Youth for Human Rights Volunteers at Hull Freedom Festival

Hull, United Kingdom
11 September 2010

The Youth for Human Rights booth was a popular attraction for festival goers. The Youth for Human Rights booth was a popular attraction for festival goers.

Volunteers from the Youth for Human Rights International (YHRI) UK chapter took their message and educational materials to the Freedom Festival in Hull, United Kingdom, where some 50,000 people packed into the city's Queens Gardens and Marina. The annual festival has become the largest mixed cultural event in the region, playing host to a number of famous British pop and rock acts as well as local artists.

The festival was first staged in 2007 to commemorate two hundred years since the abolition of slavery in Britain, a cause championed by politician, human rights advocate and Hull native William Wilberforce—one of the most important human rights advocates in Britain.

Freedom from slavery is just one of the thirty human rights guaranteed by the United Nations Universal Declaration of Human Rights, which forms the backbone of Youth for Human Rights International's human rights education campaign. And so, 183 years after Wilberforce first declared his anti-slavery arguments in the British parliament, YHRI volunteers were at the Freedom Festival with education materials for local teachers, What Are Human Rights? booklets for youth and families, and the celebrated human rights public service announcements that played for everyone who visited their booth. At the same time, volunteers gathered signatures for a petition to make human rights education mandatory in UK schools.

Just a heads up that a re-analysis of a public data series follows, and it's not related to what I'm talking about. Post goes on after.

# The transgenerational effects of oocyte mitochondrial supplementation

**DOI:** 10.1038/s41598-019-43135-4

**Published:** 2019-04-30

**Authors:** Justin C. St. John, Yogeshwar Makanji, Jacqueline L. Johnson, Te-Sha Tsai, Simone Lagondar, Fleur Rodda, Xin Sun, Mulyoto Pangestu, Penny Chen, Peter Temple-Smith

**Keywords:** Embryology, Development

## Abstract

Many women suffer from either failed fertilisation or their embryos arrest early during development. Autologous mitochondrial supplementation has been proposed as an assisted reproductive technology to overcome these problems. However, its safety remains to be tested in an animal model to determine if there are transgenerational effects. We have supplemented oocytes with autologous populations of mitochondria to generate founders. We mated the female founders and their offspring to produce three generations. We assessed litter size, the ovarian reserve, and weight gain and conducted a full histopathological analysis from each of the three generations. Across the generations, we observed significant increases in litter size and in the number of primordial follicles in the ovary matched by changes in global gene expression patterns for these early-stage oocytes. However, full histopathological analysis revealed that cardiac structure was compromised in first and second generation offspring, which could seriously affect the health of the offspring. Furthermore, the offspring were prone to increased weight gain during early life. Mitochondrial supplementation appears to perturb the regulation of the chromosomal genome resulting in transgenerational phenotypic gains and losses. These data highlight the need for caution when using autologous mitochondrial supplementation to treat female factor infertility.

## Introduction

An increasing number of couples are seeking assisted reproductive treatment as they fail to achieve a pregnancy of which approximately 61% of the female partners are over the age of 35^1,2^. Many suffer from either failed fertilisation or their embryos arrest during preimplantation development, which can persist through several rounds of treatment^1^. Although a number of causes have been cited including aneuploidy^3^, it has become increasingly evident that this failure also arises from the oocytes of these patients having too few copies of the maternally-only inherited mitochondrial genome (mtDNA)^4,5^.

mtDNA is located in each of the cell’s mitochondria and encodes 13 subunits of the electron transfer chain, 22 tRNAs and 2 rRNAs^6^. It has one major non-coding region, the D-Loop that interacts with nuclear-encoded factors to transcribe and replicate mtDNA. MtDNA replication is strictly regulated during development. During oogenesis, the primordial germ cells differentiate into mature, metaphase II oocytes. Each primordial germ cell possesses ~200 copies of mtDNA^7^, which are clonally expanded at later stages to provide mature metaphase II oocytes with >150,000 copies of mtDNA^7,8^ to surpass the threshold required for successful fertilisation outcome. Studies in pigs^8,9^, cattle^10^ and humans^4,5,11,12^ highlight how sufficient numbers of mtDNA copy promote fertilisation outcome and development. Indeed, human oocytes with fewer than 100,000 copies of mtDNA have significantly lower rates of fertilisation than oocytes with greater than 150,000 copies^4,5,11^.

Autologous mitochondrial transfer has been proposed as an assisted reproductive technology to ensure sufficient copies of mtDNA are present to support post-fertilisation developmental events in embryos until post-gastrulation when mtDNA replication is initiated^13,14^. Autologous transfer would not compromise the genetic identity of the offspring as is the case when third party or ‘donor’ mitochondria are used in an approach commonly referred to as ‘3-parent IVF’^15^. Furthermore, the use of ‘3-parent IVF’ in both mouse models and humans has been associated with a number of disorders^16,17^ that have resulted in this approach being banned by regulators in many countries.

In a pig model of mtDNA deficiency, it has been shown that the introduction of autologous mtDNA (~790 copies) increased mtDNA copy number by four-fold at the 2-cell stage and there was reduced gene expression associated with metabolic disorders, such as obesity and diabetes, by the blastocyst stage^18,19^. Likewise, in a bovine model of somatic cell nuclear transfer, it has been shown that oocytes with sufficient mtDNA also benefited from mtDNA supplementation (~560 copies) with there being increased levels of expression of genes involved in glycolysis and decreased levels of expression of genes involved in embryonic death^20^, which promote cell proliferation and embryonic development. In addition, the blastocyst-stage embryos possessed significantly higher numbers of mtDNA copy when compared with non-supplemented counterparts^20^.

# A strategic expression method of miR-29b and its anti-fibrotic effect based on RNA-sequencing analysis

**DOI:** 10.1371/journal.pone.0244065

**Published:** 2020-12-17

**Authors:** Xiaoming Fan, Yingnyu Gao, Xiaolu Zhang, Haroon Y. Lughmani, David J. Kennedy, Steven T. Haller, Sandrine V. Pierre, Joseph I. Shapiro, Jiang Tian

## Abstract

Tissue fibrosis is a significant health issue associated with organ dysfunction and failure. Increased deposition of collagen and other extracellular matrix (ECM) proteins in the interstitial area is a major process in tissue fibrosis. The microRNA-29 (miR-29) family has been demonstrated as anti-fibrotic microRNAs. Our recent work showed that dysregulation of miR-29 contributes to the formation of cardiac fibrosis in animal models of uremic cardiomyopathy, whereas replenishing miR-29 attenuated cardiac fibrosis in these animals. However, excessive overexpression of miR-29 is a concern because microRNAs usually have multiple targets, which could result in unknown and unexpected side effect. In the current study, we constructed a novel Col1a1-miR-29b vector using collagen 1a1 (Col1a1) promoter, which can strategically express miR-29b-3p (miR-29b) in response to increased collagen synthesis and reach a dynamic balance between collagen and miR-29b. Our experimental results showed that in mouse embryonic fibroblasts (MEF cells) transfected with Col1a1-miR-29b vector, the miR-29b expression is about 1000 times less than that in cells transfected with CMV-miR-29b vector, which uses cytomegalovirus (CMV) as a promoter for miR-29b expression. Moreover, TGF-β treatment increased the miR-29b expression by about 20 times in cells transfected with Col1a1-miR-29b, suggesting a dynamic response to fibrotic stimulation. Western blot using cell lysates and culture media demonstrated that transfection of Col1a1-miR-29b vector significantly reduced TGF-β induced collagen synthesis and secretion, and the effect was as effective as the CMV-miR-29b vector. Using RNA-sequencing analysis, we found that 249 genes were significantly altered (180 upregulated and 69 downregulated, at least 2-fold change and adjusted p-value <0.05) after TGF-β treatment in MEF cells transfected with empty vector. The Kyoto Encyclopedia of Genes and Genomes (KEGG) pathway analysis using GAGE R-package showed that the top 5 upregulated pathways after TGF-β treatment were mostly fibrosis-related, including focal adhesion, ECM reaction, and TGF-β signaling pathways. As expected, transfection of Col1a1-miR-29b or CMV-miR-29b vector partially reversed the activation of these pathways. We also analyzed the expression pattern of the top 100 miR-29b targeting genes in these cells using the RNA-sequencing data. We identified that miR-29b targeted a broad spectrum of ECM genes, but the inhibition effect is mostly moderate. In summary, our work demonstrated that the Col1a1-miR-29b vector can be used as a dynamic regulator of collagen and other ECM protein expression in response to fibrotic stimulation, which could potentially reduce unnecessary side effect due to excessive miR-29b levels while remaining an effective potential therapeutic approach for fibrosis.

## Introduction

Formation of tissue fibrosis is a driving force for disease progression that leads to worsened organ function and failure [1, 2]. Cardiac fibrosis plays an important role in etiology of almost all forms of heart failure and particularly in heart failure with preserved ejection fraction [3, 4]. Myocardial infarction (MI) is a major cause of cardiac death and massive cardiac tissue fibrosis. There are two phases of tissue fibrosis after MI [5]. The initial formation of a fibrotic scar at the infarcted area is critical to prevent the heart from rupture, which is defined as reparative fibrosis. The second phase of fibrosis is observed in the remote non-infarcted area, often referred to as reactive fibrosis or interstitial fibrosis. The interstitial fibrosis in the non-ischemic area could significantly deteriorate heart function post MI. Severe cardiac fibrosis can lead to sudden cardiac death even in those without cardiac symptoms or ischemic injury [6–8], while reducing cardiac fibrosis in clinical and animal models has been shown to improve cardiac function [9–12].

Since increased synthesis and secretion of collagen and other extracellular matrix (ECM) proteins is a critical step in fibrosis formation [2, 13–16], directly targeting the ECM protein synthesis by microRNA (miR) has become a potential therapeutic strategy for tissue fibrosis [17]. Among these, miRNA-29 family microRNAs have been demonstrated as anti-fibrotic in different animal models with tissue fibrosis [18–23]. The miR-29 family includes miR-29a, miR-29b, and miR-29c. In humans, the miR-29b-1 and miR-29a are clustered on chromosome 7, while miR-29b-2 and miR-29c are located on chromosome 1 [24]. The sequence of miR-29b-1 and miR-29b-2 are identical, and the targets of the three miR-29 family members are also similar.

Melanie, one of the local Youth for Human Rights volunteers from Hull, said she was very pleased with their participation in the Festival. "Hundreds of people came in, signed our petition, watched the videos and learned about human rights," said Melanie.

The day was rounded out with live performances from British pop acts and Mercury Prize nominees, Foals. The Hull Festival successfully brought together talent from a variety of artistic tastes that united the tens of thousands who turned out to support the message of freedom and human rights. Plans for next year’s celebration are already underway and Youth for Human Rights volunteers say they too will be there.